SCOTT SIMON, HOST:
This is WEEKEND EDITION from NPR News. I'm Scott Simon and it's time for sports.
Tom, thanks for being with us.
TOM GOLDMAN, BYLINE: Hi, Scott. My pleasure.
SIMON: And forgive me for putting it this way, is this the smoking starter's pistol, definitive proof that Lance Armstrong doped?
GOLDMAN: As everything goes with Lance Armstrong, you have very strong opinions on many sides of the conversation. And some will say definitely so. He certainly doesn't. You know, it's on the - Lance Armstrong appears to be waving a white flag with his decision not to fight these charges. This is a tenacious human being for whom fighting is a major part of his personality, whether fighting up the steep roads in the Alps or fighting cancer or fighting his accusers.
But it's not a real total surrender, Scott. in his decision not to challenge there is plenty of fight, from his statement blasting the U.S. Anti-Doping Agency investigation of him, calling it an unconstitutional witch hunt to his lawyer's letter yesterday to the U.S. Anti-Doping Agency, which threatens to take legal action if U.S.A.D.A. or anyone else makes certain public statements about Armstrong in this case. And that hardly sounds like surrender.
SIMON: Does it just take a bunch of hardware off his shelf?
GOLDMAN: Well, it potentially does. and it also takes, you know, it takes him away from the sport, as you said, and away from the sport that he has rediscovered, triathlon, in his post-cycling career. Anything that is kind of a signatory to the world anti-doping code he will not be able to compete in those events. If the U.S. Anti-Doping Agency decision stands up.
SIMON: There's a chance it might not?
GOLDMAN: Well, there is a jurisdictional issue that's going on right now. The question about whether U.S.A.D.A. has jurisdiction and the power to sanction or if cycling's international governing body, the U.C.I., has that jurisdiction. And it may very well end up in front of the Swiss-based Court of Arbitration for Sport to resolve that dispute.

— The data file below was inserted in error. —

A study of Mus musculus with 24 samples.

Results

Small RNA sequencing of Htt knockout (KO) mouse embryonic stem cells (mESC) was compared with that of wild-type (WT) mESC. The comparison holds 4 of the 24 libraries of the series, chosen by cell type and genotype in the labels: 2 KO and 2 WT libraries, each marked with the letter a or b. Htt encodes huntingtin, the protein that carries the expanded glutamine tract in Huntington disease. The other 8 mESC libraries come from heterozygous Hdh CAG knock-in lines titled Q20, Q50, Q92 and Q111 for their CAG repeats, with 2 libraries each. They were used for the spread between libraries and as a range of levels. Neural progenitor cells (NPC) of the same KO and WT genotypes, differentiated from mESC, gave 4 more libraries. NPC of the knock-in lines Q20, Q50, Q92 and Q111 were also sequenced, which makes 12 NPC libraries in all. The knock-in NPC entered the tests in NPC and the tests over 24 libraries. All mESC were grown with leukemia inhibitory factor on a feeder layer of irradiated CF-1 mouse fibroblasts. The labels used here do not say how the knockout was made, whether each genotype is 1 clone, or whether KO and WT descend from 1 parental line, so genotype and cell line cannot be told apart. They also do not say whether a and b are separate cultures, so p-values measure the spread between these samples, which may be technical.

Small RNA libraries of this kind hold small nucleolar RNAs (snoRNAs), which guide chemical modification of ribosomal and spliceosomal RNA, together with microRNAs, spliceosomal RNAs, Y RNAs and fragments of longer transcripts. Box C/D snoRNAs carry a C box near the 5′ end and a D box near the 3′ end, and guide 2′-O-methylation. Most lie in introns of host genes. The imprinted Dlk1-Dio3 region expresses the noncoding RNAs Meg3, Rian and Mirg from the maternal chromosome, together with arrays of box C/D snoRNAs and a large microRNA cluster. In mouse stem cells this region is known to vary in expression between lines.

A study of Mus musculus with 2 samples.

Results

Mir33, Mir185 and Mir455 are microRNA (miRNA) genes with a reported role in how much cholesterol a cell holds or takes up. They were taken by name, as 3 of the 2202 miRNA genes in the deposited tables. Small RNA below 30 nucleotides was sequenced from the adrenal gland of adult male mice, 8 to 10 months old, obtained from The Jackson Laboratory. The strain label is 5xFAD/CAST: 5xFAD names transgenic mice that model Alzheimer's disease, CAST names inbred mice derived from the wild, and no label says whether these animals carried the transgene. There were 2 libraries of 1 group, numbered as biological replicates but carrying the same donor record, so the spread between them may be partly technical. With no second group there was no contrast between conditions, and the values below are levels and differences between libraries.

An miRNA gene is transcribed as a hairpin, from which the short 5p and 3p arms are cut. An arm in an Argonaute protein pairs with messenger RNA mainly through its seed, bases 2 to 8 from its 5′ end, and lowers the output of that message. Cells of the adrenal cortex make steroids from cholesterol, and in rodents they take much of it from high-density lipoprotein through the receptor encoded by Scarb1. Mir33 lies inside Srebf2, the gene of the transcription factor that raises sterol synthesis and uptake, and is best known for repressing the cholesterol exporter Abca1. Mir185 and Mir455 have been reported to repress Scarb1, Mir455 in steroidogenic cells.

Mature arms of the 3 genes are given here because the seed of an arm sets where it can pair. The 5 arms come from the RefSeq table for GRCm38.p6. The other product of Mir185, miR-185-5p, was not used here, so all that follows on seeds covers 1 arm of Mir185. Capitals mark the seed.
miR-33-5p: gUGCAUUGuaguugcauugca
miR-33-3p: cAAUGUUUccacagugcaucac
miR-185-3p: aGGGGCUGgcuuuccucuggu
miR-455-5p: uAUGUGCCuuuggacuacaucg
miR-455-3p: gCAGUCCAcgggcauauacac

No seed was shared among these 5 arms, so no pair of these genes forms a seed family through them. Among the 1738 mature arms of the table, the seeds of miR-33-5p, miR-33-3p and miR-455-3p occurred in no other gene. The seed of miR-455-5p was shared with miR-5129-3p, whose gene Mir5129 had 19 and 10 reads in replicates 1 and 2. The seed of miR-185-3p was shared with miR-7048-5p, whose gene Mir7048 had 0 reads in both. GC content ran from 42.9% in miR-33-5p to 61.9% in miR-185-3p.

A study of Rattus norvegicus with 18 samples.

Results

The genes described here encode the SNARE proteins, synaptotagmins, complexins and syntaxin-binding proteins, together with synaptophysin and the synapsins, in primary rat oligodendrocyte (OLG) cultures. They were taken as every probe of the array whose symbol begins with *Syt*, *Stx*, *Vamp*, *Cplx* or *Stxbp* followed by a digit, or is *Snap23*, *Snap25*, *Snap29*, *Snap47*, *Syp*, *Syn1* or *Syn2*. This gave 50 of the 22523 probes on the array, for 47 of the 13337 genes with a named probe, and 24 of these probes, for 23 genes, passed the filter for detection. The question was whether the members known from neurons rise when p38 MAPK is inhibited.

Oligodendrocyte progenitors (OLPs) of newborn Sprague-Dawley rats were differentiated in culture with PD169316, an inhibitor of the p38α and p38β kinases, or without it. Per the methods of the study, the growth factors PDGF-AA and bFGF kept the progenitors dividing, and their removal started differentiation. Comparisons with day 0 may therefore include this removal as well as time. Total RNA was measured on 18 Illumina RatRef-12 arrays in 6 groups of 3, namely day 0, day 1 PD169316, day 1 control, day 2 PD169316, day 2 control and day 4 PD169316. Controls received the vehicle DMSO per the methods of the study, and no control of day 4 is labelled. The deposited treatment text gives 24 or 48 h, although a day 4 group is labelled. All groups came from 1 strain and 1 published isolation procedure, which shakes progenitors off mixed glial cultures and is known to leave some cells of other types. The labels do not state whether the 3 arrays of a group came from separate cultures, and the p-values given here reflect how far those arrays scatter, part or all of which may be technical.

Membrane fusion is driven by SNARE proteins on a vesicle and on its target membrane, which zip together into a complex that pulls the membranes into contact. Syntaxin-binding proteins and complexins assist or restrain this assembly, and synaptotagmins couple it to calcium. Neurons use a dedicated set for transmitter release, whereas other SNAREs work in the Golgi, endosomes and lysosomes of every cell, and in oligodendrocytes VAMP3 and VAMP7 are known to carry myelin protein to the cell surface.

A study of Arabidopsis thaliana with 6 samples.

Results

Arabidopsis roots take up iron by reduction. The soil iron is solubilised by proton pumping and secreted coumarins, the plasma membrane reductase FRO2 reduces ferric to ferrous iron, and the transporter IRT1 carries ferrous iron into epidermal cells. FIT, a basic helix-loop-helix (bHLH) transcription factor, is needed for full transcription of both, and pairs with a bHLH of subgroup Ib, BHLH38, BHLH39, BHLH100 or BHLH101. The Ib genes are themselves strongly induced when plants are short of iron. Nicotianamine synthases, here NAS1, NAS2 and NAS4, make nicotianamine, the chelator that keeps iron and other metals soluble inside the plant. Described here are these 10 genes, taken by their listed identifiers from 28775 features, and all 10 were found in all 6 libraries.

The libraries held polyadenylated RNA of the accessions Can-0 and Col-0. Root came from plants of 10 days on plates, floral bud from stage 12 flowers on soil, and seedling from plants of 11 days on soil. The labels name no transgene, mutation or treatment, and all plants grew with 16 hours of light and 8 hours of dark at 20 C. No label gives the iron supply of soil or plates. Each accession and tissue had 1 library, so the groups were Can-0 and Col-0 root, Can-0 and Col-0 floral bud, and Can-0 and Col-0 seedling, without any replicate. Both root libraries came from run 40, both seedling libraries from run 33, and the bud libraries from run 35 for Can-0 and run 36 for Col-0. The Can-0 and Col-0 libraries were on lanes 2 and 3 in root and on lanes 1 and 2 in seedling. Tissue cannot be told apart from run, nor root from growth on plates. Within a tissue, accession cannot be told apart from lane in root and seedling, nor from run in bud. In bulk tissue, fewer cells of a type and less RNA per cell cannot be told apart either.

SIMON: You know, as you've reported this story for us over the years, Tom, I've always said to you, but, Tom, no athlete, maybe no human being, has been more rigorously tested so many times, and he's never tested positive for a banned substance. Have I been wrong?
GOLDMAN: Hate to say so, but yes. There is information that contradicts this constant assertion by Armstrong, which he repeated this week. He tested positive for cortisone during the 1999 Tour de France, but a backdated therapeutic use exemption form cleared him on that.
In 2011, it was reported that several test results from 1993 to 1996 showed abnormally high levels of testosterone. And in 2005, it was reported that Armstrong's tests from the 1999 tour were retroactively tested and that six samples from that race tested positive for EPO, the blood boosting agent. Several of his teammates from that tour have since admitted using EPO.
Those results, those '99 results for Armstrong were overturned on a technicality. So, yes, it does seem that it's not altogether true when he says he has never tested positive.
SIMON: You know, he's not just a sports hero. There are millions of people around the world wearing those yellow Livestrong bracelets. He's been a living example to millions of people, families of cancer survivors and people who live with cancer, of the power of persistence and strength. Is that good work tarnished?
GOLDMAN: You know, for some of the people in what I call the yellow wristband army, it won't be. I think those people will keep believing because it is a very personal and a very determined fight when you have that disease. And he has given inspiration. He has done positive things; increasing cancer awareness, raising money, although it's unclear where all of that money goes in the fight against cancer. It doesn't all - you know, people say it all goes to research. That's not true.
He has given the hope and given people this belief that, you know, he used incredible willpower to get back on the bike and win. If it turns out that it wasn't just force of will, there will be people who decide that that's too big of a fraud and they're not going to keep supporting this guy. But there will be a contingent of people who will continue to support him and stick to the inspirational part of the story.
SIMON: NPR's Tom Goldman, thanks so much.
GOLDMAN: You're welcome. Transcript provided by NPR, Copyright National Public Radio.